Free internet porn is not illegal and is not competing with other premium websites, which charge a bomb to have access to premium sites, according to a California Appeals Court, which has dismissed a case against one free site, Redtube.com, as an unfair attack on free speech.

In 2009, RedTube.com owner Bright Imperial Ltd. of Hong Kong was sued for millions of dollars for the damage caused to other premium adult entertainment websites. The plaintiff, Kevin Cammarata of Los Angeles, alleged that RedTube was in violation of California's Unfair Practices Act. Cammarata had argued in court that by accepting payments from advertisers and streaming live adult content  Red Tube has given itself an unfair advantage over other porn companies.

However, the California Appeals court dismissed the case as a Strategic Lawsuit Against Public Participation (SLAPP) suit - an action designed to censor free speech.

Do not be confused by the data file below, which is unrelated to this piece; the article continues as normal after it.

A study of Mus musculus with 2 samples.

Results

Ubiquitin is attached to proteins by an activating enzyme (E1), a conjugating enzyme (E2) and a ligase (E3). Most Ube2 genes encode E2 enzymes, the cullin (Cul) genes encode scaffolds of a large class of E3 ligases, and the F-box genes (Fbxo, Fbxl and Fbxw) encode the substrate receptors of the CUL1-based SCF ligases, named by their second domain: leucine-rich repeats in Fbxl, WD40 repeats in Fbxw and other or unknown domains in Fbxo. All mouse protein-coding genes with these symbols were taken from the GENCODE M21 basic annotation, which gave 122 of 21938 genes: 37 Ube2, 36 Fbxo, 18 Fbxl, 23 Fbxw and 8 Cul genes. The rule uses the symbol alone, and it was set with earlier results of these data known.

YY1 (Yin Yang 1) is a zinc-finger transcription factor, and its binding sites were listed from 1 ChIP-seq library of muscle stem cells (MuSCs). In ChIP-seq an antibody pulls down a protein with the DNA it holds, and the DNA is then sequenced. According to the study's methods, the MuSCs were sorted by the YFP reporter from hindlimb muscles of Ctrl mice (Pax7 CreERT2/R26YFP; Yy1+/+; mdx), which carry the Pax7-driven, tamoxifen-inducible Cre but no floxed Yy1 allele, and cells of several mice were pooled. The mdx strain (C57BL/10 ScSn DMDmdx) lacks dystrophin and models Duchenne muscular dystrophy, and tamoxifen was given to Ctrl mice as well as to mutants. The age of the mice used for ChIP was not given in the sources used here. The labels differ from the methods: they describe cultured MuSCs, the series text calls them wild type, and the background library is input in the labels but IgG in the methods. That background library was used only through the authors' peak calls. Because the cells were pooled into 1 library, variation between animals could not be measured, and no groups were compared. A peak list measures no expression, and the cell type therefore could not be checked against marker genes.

The publication of a video on the Internet, whether it depicts teenagers playing football or adult entertainment qualifies as 'conduct in furtherance of... free speech, the court ruled. ...All of Cammarata's causes of action arise from Bright's conduct of placing speech on the Internet where it can be viewed for free by the public. This is the 'predatory pricing' that Cammarata complains of.

If Cammarata's subscription-based website lost revenue after Redtube and other tube-based websites came on the scene it was because the tube-based business model is more efficient, not because of alleged predatory pricing by Bright, the court concluded.